Caving and “Eat First, Cry Later”

The subject of caves gained prominence in light of the Thailand cave rescue. According to cavers from Franklin and Cumberland County, Pennsylvania is home to over a thousand caves.   

Caves are formed when rock is dissolved by acidic rainwater that seeps through tiny pores in the rock surface. After tens of thousands of years, a cave is formed. 

Some of Pennsylvania’s largest caves extend over a mile in length and reach more than 200 feet in depth.Exploring caves is called caving or spelunking, and some area hobbyists have been practicing for over 50 years. Many are drawn to the historical and scientific significance of caves, while others seek the thrill of exploration. 

Caves are essential to environmental ecosystems. Animals and plants make their homes in caves and it is where rain is filtered before returning to the earth’s water supply. When exploring, cavers are careful not to disturb the natural way of life, taking nothing but pictures and leaving nothing but footprints. 

Discussing cave exploration in Pennsylvania on Monday’s Smart Talk are Franklin County caver Patrick Minnick and Kim Schwartz, general manager of Indian Echo Caverns. 

Also on today’s Smart Talk, Mimi Barash Coppersmith joins us to talk about her recently published memoir “Eat First, Cry Later: The Life Lessons of a First-Generation College Graduate, Penn State Alumna and Female CEO.”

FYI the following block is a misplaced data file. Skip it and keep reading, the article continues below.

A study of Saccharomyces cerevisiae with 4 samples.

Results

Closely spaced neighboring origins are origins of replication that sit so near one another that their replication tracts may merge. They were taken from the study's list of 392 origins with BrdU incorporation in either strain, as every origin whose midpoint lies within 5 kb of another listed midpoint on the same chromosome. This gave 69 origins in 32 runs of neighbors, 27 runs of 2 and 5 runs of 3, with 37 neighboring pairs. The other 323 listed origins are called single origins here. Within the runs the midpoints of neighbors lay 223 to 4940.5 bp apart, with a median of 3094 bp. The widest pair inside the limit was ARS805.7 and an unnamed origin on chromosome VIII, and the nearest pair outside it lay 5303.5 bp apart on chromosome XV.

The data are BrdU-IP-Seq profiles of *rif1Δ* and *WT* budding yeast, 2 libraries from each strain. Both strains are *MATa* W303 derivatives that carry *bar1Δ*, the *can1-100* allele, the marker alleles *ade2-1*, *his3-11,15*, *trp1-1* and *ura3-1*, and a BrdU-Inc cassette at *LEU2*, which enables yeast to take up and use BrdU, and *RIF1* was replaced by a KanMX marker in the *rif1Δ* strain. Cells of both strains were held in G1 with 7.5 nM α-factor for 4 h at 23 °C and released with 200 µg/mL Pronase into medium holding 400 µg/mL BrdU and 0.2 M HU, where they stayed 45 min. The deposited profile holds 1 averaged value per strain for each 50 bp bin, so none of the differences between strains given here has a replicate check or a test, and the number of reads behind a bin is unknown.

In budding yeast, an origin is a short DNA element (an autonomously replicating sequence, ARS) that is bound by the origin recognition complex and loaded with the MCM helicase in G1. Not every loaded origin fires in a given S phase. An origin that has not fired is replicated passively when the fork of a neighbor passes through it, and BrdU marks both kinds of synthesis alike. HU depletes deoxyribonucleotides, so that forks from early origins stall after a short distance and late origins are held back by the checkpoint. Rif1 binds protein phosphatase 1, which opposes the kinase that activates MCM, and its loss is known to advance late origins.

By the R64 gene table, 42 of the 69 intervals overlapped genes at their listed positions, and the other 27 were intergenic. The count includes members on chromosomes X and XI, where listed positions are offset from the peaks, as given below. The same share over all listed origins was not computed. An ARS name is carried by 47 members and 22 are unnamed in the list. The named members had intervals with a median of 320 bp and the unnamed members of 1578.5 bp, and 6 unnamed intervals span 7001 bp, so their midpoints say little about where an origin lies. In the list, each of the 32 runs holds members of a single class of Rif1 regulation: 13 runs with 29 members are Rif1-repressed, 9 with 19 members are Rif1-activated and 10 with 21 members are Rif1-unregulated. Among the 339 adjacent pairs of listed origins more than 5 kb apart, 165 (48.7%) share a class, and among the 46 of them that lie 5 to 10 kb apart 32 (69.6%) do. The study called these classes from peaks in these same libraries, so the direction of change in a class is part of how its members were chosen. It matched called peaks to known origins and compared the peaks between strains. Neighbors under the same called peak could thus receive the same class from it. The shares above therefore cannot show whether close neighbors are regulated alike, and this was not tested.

The book details her life from childhood through her mid-80s. She was born during the Great Depression and grew up a Jewish Pennsylvanian girl during World War II. She attended Penn State University and has remained an active member of the Penn State community. She has also been involved in numerous charitable organizations and events. She made her way as a businesswoman when the field was largely dominated by men; she has experienced the losses of several people close to her, and she has combatted breast cancer and mental illness. During her life, she found purpose in helping people and developed into a feminist.

These experiences taught Mimi Barash Coppersmith many influential lessons, 48 of which she enumerates throughout her book. Several of these lessons involve helping and receiving help from others and the importance of interpersonal connections.